Regional

Hanover priest laments large number of youth in need of remedial attention

Thursday, October 11, 2018


Rev Clarke, who stated that the church's mission is to evangelise, pointed out that during his ministry, he has observed that a high percentage of children in communities across the parish are unable to read.

“There are a lot of people and a lot of children who cannot read. Some are 15 and 16 (years old), and they can't read. Another thing I noticed, especially among the young men, is that some have dropped out of high school,” Rev Clarke informed.

“And so, one of the things that we have sought to have here at St Philip and James is to see how we can impact them. At St Philips and James, we started more than a year ago a remedial reading programme.

He added that in the community of Cave Valley, also in Hanover, where the church has established a homework centre, a number of the youths in the area too, are unable to read.

“We recognised that half of them don't know how to study, and they become restless. So, we created the environment for them, and they started fidgeting. It is really a chore to try to keep them in place so we are now in the process of teaching them how to study, because they are coming to the centre, but they don't know how to study,” Rev Clarke explained.

Stressing that the church is keen on working with those youths, Rev Clarke said “I don't look at where they are, I look at where we can bring them to. You know what, if we can work with them now, Superintendent (Sharon Beeput, officer in charge of the Hanover Police Division), you will have less thieves on your hands. You are going to have less scammers on your hand, so we want to save them; we want to rescue them, that's what we are about.”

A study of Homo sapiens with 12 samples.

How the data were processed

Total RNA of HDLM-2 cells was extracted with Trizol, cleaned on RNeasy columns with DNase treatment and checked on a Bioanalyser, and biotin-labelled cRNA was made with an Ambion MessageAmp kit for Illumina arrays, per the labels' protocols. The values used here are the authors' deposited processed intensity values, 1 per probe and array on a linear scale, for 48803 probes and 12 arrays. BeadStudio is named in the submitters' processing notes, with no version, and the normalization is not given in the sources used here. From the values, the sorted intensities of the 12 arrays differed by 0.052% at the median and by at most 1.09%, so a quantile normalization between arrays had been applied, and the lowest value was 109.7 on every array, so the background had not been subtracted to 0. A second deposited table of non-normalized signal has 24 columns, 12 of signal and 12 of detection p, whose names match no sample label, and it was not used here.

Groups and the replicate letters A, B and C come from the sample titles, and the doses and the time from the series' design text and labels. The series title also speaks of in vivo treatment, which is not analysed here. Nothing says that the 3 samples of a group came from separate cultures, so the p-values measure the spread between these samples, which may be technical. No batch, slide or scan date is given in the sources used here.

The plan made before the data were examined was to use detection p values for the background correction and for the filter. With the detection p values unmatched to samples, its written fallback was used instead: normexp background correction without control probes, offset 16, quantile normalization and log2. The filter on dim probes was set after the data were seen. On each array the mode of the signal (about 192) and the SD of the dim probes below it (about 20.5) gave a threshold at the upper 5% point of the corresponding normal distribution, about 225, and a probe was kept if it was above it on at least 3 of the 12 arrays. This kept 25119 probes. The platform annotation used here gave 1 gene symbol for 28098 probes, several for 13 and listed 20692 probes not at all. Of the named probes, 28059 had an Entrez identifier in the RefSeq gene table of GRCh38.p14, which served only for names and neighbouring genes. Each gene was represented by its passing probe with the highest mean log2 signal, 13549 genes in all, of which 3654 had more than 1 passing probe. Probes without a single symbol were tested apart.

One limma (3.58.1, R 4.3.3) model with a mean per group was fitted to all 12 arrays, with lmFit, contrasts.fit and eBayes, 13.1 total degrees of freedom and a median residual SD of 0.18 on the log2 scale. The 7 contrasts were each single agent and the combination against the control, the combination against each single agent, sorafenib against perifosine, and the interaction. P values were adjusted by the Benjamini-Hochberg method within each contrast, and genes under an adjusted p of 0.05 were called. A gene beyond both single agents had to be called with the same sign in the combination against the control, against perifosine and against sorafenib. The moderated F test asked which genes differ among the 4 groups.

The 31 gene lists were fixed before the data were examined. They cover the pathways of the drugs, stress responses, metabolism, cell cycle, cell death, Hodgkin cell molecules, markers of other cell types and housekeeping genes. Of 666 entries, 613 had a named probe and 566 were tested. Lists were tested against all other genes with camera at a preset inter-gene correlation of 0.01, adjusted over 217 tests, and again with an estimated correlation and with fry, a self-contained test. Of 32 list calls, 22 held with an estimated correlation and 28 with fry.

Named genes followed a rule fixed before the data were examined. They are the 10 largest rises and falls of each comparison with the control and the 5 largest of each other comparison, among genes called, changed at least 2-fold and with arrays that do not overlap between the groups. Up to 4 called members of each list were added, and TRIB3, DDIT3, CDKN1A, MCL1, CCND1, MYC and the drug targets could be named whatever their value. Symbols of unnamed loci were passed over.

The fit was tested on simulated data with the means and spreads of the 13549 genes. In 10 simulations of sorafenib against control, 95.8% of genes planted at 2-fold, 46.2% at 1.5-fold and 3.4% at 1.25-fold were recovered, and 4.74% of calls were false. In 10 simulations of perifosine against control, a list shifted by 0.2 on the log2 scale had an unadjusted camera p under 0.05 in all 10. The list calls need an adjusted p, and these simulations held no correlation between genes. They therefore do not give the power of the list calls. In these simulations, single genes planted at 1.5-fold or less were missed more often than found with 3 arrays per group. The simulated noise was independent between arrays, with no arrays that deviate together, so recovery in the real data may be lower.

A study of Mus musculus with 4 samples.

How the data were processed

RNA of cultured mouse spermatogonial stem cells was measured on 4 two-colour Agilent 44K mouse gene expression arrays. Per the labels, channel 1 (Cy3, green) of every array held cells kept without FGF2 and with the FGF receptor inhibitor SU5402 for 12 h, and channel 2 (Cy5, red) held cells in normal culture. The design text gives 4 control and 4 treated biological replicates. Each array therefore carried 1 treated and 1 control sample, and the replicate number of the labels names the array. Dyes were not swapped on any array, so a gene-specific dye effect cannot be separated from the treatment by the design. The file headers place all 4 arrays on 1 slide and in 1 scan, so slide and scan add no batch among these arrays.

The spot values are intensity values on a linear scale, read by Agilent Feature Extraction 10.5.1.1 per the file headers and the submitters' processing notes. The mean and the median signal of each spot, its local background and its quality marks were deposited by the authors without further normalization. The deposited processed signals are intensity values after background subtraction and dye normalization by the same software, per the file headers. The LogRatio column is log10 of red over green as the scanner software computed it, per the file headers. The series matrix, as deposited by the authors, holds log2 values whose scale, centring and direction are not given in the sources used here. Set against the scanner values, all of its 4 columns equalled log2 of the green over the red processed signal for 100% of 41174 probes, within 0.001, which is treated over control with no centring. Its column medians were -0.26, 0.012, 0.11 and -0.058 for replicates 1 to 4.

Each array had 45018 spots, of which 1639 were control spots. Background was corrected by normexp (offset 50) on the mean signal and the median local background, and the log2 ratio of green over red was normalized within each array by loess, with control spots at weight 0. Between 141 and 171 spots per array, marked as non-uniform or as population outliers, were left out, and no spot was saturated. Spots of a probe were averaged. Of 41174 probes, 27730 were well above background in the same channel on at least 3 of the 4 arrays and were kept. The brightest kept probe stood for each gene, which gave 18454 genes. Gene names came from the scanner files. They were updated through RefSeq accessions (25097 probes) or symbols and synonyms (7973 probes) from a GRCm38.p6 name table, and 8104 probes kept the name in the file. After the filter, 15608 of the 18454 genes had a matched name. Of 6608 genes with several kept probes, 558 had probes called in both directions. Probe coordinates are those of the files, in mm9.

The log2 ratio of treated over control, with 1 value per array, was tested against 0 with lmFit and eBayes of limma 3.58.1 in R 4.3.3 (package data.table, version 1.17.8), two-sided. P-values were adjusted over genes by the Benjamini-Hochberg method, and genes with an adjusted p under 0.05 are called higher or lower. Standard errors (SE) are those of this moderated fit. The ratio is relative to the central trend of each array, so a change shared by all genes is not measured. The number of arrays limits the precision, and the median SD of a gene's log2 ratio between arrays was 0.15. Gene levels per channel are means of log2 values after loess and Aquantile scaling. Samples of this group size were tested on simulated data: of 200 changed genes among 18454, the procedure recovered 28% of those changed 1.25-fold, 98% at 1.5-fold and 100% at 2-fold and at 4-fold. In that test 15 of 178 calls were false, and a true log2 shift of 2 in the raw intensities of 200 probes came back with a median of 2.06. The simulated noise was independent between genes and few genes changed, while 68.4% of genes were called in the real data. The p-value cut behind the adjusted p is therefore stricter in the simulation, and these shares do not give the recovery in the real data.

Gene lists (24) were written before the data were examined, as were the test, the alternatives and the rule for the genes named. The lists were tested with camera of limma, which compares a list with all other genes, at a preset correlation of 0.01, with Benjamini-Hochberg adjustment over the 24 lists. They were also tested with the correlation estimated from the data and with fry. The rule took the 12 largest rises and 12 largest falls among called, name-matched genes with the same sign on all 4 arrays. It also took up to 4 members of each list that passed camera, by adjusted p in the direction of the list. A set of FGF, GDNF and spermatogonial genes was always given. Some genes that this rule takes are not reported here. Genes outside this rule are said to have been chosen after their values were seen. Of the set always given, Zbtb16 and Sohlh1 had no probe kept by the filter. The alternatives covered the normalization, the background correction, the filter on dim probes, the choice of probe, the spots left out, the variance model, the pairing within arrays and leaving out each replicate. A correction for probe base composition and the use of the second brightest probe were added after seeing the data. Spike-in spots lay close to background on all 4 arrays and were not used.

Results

Rev Clarke was addressing a handing over ceremony for a multi-purpose centre donated by Food For The Poor (FFP) last Thursday to the St Philip and James Catholic Church at Watson Taylor Park in Lucea.

The newly constructed facility, which includes an open communal space, computer laboratory, kitchen and bathroom, was funded mainly by Food For The Poor donors Peter Anninos and his family.

The centre is expected to assist the church in its community outreach activities, such as a feeding programme, as well as a remedial/homework programme. The building will also be used to host various meetings facilitated by the church.

An elated Anninos expressed satisfaction at the construction of the centre.

“The results speak for itself. The people are so elated, and I am as well, because I see the fruits of their labour prior to this, and I know that beyond this, with this tool (centre) that they have, there is going to be tremendous growth,” stated Anninos.

Anninos noted the facility is not the first donation by himself and his family to Food For The Poor.

According to him, over the years they have partnered with the charitable organisation in implementing several projects in Jamaica and other parts of the Caribbean.